It is hard to assess without reading the document, but this new report seems to make a unique contribution to our understanding about the link between online transparency on federal web sites and perceptions of trust in government by the public.
A market research firm asked people who visited one of 14 federal web sites about how they felt about data availability on the site and how they perceived what the agency does.
Researchers asked users questions related to how thoroughly the sites disclosed information about what the agency is doing, how quickly information was made available online and how accessible that information was on the sites. The answers were then run through the ACSI statistical engine to generate a score on transparency. Many agencies already measure satisfaction with their sites using the ACSI e-government index.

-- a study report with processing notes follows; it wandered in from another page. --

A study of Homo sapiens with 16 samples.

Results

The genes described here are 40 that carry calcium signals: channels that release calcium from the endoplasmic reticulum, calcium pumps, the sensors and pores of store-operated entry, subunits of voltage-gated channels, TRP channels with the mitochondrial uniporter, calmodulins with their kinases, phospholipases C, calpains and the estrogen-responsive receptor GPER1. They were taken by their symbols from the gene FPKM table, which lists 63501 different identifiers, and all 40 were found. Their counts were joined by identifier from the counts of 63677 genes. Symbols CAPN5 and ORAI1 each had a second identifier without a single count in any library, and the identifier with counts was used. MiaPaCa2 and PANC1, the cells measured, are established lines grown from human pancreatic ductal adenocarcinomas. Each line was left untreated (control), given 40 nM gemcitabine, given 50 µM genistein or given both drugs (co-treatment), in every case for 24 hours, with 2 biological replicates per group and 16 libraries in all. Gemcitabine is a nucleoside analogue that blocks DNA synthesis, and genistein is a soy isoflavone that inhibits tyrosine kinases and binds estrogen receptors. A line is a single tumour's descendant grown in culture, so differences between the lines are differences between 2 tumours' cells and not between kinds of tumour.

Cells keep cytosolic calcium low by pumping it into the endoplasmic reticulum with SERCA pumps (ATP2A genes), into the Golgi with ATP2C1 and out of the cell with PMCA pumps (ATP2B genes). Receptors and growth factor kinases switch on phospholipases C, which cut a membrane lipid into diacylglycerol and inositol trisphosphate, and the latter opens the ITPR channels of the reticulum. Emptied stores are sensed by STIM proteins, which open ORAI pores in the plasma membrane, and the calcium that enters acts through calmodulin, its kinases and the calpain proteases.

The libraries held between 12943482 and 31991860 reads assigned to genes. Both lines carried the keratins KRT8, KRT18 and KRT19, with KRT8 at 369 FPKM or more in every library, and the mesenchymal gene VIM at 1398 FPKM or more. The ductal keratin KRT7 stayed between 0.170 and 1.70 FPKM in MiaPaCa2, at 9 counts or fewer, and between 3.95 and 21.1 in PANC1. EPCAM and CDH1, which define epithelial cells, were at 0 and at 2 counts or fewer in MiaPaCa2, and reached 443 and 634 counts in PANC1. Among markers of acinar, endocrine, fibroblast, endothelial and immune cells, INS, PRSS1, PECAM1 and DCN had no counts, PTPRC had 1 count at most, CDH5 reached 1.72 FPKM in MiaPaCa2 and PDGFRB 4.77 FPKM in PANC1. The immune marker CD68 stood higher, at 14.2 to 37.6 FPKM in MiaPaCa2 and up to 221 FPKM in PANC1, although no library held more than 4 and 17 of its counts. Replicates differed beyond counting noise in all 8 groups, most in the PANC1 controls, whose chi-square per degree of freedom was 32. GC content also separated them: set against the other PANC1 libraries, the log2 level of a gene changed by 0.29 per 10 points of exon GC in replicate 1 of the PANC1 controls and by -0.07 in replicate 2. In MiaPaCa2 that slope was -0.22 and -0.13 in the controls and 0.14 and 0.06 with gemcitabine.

The transparency project surveyed more than 36,000 citizens who visited 14 federal sites during the fourth quarter of 2009. The aggregate transparency score was 75 on a 100-point scale. The authors acknowledged that there are thousands of federal sites beyond the 14 that volunteered to participate. “Even those that appear to have lower scores in this short list of 14 would certainly be nowhere near the bottom of the pack in a comprehensive index of federal government online transparency,” the report states.
The study found that citizens who believe a site is highly transparent are 46 percent more likely to trust the overall government.
Citizens who believe a site is highly transparent are 46 percent more likely to trust the overall government, 49 percent more likely to use the site as a primary resource and 37 percent more likely to return to the site, according to the study.
“We have always assumed that greater transparency [and] more openness in government would link to greater satisfaction and higher trust in government,” said Dave McClure, GSA’s associate administrator for its Office of Citizen Services and Communications, who also was briefed on the results. “What this study does is help confirm that.”